Last Sunday, December 16, I brought the screech owl nest box down, removed the long-since unnecessary owlet rail in order to discourage squirrels, and gave the camera windows and compartment interiors a thorough cleaning, so the cameras could acquire clear pictures again. Also, as part of my eternal, and perpetually failing, quest to eliminate hum in the audio signal, I added some ferromagnetic cores (AKA chokes) around various internal wires I thought might be susceptible to picking up electrical noise and feeding it back into the system.
(At first the ferromagnetic cores seemed to have done the trick; now I know they haven't. So, the score stands at unwanted, intermittent audio noise: ≈10 years; Chris: zero. I'd scream if it would make me feel any better, but at this point I think sinking into deep depression is the way to go. That and ripping every piece of analog electronics out of the system and replacing it with digital gear; but that's still somewhat expensive, and public university salaries are somewhere between poor and disgraceful here in Texas, and, not being adjusted for inflation, they only get worse. Still, I'm better off than a lot of my fellow Americans, which is a sad commentary, right there.)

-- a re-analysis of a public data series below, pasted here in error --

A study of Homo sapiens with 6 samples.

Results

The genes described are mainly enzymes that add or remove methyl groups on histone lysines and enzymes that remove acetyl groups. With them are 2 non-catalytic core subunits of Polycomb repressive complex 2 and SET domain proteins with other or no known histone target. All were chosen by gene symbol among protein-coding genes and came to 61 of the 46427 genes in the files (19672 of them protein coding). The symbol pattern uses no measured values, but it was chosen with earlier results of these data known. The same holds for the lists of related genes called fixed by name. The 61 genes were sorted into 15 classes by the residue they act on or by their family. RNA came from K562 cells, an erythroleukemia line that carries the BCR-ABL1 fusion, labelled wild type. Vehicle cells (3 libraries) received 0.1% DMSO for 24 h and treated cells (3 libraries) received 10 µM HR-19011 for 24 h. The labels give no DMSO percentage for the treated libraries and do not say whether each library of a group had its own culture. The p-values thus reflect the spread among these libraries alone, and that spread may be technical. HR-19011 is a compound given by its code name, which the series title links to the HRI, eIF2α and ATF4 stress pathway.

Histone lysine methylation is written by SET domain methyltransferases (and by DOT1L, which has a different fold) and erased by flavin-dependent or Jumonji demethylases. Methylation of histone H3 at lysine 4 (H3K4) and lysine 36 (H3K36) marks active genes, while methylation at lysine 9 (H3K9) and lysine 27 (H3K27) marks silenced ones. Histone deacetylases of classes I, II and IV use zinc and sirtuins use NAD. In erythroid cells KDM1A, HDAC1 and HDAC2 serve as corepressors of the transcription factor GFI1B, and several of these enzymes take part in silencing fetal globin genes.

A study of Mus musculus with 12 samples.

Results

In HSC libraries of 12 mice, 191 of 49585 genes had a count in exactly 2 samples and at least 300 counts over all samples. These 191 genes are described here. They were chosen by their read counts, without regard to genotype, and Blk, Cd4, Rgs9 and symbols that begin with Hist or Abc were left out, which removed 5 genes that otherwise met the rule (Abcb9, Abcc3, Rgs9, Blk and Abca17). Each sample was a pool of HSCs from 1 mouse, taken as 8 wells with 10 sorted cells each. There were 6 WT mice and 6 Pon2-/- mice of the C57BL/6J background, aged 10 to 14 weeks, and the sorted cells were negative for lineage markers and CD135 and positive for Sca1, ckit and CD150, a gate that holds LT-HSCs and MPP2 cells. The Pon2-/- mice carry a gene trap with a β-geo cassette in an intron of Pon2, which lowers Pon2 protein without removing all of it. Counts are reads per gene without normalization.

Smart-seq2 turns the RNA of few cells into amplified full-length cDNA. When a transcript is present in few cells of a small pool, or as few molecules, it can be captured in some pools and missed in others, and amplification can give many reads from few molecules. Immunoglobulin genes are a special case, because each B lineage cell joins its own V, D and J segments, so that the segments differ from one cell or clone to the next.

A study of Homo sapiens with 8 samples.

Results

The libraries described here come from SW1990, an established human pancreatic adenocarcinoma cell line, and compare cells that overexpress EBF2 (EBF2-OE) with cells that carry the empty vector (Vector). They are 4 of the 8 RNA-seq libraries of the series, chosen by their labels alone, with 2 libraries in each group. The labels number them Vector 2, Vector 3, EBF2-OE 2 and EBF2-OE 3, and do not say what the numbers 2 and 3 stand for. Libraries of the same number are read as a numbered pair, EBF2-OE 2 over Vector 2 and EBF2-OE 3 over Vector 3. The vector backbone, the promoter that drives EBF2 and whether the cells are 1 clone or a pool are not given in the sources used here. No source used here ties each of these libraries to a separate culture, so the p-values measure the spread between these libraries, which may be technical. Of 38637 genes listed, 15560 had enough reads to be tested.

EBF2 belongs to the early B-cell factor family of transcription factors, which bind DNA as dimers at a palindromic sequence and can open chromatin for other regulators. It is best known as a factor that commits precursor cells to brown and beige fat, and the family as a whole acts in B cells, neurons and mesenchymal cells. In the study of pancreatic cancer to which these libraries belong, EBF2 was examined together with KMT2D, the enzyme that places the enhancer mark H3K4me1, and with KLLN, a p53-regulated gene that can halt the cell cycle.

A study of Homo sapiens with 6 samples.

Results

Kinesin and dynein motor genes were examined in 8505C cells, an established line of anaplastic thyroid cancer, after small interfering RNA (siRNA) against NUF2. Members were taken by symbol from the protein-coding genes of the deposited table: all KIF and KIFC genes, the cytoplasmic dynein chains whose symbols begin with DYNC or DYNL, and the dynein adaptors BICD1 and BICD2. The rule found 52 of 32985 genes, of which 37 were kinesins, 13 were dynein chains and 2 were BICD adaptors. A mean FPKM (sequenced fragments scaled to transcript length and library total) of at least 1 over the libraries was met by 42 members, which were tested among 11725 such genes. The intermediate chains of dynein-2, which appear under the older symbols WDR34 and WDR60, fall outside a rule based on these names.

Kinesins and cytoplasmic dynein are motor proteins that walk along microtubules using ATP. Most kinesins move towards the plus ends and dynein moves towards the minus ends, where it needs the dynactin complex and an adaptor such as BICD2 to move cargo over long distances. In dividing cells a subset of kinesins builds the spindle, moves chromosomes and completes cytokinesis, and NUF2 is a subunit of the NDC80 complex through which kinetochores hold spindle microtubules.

This nest box work was motivated by the acquisition of a new S2071 unit from SuperCircuits to replace the two previous units (one purchased, one generously loaned by SuperCircuits) that had bricked themselves during the nesting season. SuperCircuits has been great about replacing the gear with no hassles about my tardiness in returning the original equipment, but neither they nor I have any clue what the problem is/was, so whether the new unit will do any better than its predecessors, I have no idea, though things aren't encouraging thus far. The manufacturer, 3S Vision Systems has, of late, been unresponsive to elementary queries about obtaining the latest firmware. So, I haven't even had the chance to try to obtain contacts with their engineers about the bugs in their RTP implementation (specifically the RTCP sub-protocol). That's all a shame, because, if it were reliable, it'd be a very useful unit to those of us still using analog closed-circuit video gear.
Anyway, with the box cleaned, the owlet rail gone, and an S2071 to constantly monitor the video feeds (and automatically record movies when it detects motion), I set about waiting for my owls to put in an appearance. Their interest in nest sites is proportional to the nearness of the next nesting season (or predators, or weather from which they need shelter), so their interest at the moment isn't high, but they are periodically checking-out the would-be nest cavities in their territory to make sure they're still available.
On December 18th, the owls finally put in not one, but two, appearances, as may be seen below. (Click the images to see the movies.)
So, if you're wondering whether the nest box cam’ will be returning next year, I think we can safely assume that it will (hum, or no hum).